This year’s third JournoFest panel focussed on ‘The art of investigative journalism’, including the skills needed to succeed as an investigative journalist and a behind-the-scenes look at the field.
Our trainees heard from The Sunday Times northern editor David Collins, The i investigations editor Dean Kirby and BBC journalist Perisha Kudhail.
Here News Associates part-time trainee Sam Lake shares what he learnt.
Our host Graham Dudman asked the panellists what they thought the biggest myths were about investigative journalism. What emerged was an image of a profession much slower-paced than movies portray.
Dean, whose work includes investigations into PPE supply chains during the Covid-19 pandemic and some fascinating open-source work on the war in Ukraine, told trainees that contrary to what the movies depict, the work of investigative journalists often goes on long after the initial story has broken.
That was evidenced by David’s ongoing coverage of the murder of Agnes Wanjiru, a Kenyan woman allegedly killed by a British soldier in Nairobi in 2012, with the most recent update on the case published the day after JournoFest in The Sunday Times.
More developments on our long-running investigation into the murder of a Kenyan woman in Nanyuki in 2012. Agnes Wanjiru murder: charges loom for British soldiershttps://t.co/HYnVJLem39— David Collins (@DavidCollinsST) November 19, 2023
David talked us through some of the legal challenges involved in such a case. He explained the key reason the paper’s suspect has never been named is due to defamation.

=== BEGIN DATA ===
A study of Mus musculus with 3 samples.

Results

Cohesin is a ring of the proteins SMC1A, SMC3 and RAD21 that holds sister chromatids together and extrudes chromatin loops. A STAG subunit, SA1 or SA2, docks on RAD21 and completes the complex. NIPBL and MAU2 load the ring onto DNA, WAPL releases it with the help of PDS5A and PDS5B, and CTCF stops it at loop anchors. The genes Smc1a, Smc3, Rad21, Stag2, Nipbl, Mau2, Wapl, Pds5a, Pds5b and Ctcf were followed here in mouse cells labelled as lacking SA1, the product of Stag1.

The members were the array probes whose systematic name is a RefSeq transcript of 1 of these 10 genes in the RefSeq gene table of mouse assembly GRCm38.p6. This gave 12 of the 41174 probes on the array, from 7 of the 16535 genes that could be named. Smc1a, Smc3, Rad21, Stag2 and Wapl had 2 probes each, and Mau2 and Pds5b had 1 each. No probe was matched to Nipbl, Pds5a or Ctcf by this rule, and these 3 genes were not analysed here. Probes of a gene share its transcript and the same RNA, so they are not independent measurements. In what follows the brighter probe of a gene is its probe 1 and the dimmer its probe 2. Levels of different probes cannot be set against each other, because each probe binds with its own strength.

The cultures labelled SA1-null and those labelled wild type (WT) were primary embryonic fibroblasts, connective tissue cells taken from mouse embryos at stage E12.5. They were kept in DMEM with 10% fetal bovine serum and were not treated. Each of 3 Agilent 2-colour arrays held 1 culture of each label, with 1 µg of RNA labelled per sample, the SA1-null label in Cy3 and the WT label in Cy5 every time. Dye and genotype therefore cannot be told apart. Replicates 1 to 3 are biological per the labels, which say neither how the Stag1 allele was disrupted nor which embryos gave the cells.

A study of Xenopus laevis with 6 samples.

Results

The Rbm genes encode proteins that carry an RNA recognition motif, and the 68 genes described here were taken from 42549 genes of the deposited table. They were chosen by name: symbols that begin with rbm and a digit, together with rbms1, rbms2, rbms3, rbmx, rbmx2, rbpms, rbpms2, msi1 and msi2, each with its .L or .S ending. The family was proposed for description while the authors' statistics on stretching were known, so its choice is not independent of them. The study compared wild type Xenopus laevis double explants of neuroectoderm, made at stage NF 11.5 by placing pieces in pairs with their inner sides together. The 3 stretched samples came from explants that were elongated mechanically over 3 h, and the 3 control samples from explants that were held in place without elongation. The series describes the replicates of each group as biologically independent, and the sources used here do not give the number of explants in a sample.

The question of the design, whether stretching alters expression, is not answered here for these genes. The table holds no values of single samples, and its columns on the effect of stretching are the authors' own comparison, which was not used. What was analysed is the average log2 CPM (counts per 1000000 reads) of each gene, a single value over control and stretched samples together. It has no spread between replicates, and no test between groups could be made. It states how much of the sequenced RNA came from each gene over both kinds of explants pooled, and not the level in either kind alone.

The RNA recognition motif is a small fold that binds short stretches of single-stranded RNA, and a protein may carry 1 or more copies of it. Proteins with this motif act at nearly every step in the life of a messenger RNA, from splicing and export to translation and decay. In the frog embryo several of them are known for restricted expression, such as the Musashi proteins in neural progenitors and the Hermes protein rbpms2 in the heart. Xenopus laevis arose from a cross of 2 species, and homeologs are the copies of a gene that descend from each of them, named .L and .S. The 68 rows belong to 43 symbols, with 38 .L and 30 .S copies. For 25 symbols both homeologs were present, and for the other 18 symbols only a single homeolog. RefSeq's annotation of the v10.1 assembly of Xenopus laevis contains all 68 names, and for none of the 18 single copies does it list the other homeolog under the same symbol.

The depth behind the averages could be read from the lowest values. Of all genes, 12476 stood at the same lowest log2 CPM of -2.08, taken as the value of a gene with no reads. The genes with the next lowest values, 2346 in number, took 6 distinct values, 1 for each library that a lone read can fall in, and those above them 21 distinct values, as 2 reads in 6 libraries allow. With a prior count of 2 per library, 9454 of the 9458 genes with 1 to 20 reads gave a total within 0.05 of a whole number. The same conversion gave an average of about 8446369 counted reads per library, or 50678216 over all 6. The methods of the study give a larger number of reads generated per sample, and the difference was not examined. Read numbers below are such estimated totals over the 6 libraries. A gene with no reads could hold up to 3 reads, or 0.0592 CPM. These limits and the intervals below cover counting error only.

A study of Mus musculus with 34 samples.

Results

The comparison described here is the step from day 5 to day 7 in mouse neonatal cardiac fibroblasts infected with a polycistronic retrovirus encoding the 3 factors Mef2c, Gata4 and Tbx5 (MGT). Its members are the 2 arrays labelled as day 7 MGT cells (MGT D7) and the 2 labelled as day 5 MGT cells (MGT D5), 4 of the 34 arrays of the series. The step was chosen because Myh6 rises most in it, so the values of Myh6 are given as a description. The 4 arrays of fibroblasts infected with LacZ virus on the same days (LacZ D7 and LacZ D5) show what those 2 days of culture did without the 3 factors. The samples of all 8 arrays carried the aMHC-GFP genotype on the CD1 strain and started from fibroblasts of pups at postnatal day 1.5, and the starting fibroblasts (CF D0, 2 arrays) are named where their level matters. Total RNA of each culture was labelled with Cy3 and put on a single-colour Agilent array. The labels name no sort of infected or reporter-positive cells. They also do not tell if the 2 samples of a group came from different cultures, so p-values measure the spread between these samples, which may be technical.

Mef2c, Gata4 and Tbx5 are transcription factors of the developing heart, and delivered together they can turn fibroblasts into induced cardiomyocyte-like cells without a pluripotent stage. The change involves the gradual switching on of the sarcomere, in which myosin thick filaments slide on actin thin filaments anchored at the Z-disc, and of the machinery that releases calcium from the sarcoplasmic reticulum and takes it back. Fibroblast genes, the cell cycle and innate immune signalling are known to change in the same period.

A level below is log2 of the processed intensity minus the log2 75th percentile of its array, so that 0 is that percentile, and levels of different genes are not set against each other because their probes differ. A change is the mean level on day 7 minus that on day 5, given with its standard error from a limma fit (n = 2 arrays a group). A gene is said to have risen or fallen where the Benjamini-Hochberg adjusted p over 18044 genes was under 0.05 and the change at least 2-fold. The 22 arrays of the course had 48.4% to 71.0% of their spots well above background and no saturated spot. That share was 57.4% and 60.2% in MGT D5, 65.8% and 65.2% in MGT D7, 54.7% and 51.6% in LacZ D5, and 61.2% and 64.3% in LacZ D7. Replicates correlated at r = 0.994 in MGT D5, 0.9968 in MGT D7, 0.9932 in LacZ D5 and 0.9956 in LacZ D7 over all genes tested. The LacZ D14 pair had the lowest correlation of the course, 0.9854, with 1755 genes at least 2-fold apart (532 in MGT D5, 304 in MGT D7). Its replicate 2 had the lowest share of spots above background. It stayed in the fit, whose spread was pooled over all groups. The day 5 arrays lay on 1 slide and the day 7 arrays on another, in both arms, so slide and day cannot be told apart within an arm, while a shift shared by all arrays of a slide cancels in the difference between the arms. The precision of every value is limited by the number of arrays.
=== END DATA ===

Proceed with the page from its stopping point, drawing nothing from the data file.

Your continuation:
David said: “The key question to ask oneself is ‘can you defend what you print in court?’” Our panellists all agreed that to be an investigative journalist, you need to be open to learning new skills.
Perisha added that patience and persistence are crucial in pursuing long and often complex investigative trails. One trainee asked: “How do you get the most out of your sources?”
David told us that the most crucial skill was simply being ‘a decent person’.
He said: “Be a good person and not what you think a journalist should be.” Perisha told us that while getting too emotionally involved in cases is not advisable, it certainly helps to have some emotional investment and empathy with those involved.
Our panellists emphasised that the most important attribute to have when getting started in the world of journalism is to be pushy and to look for every opportunity to get involved.
David told us to prevent burnout, it is just as important we develop a skill he is yet to master: the art of saying no. You can read all the highlights and top tips from JournoFest 2017, 2018, 2019, 2020, 2021, 2022 and 2023 here.